Friday, February 15th, will be the 14th anniversary of my first variable star estimate.
R Leo, 9.6, Feb 15, 1999
Over 82,000 observations later, I can still recall a lot of things about my first variable star observation.
I remember I was at my dad’s house in Romeo, Michigan, where the skies were much darker than at my home at the time. I was using a 10” LX50 and finding objects by dialing in the setting circles and star hopping with the finder and a low power eyepiece. I had spent a couple months learning how to polar align, set up and tear down the telescope, and how to find things on star charts and use the telescope at different magnifications. Once I thought I knew my way around the telescope and the sky, I was determined to start variable star observing.
I tried for almost a whole night on the 14th, but I couldn’t figure out how to relate what I was seeing in the eyepiece to what I was seeing on the AAVSO charts. It was very cold that year in February. There were several inches of snow on the ground. I remember because I had lost my favorite pen in the snow in the dark, and spent a half an hour looking for it before giving up for the night, frustrated by my lack of success, the bitter cold and the loss of my pen.
But I was determined, so the next night I drove out to my father’s property, set up the telescope, polar aligned it and began looking for R Leo again. I had been trying to star hop from Regulus, heading west, looking for that little triangle of stars that everyone who observes R Leo comes to know so well. But I couldn’t tell what I was doing wrong or how to fix it, so I decided to try using the setting circles and a new finder chart I had made myself from a planetarium program called Mega Star.
Something I’ve learned over the years since then is this- if you make a mistake while trying to find a new star, and then get lost a second time, move on to another target and come back to it another night, because chances are you’re going to continue making the same mistake over and over. It happens to the best of us. Next time, you’ll wonder why you thought it was so tough the previous night, when armed with a fresh perspective, you land right on it.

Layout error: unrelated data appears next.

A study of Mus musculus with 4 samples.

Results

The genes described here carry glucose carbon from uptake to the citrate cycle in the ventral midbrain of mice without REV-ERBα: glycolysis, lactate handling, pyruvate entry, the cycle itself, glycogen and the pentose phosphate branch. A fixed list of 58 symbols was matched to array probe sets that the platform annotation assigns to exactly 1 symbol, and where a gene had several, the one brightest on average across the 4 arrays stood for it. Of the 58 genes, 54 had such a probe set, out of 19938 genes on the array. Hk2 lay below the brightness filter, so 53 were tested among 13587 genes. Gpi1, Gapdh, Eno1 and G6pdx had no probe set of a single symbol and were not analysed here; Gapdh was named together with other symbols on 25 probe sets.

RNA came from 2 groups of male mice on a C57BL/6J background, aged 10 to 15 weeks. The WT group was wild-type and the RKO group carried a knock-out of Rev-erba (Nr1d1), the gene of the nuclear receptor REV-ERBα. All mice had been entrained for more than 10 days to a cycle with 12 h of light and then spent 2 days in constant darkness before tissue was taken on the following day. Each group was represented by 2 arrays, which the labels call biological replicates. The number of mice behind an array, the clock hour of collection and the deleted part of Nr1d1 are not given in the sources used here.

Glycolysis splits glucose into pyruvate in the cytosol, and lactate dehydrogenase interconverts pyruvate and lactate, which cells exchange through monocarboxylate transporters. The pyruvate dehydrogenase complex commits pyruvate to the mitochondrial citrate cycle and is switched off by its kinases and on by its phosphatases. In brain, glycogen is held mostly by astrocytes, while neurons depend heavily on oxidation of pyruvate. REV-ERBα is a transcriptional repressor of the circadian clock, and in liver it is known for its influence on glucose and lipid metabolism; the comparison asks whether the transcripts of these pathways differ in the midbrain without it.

That is what happened to me. Once I dropped the star hopping strategy and just dialed it in, I landed almost smack dab on top of it. I had probably slewed past it a dozen times the night before, but couldn’t tell how big the triangle I was looking for was going to be in my eyepiece or finder. When I was pointing right at it, undistracted, it hit me like a ton of bricks. There it was! And I was sure that was R Leo right there, because it was obviously redder than the other stars. I’m pretty sure I laughed out loud. I was relieved. “Hey, I can do this,” I said to myself.
A lot of things in my life have changed since that fateful night. The AAVSO has had an enormous impact on my life, more than I ever could have imagined standing in the snow that night in 1999.
It was years later that I learned several of my friends and legendary observer, Leslie Peltier, started their VSO careers observing R Leo. I go back and visit her now and then, just because R Leo will always have a special place in my heart. Some night this month the clouds have to part, so I can go back and relive a special moment in my memory one more time, with my oldest variable star friend.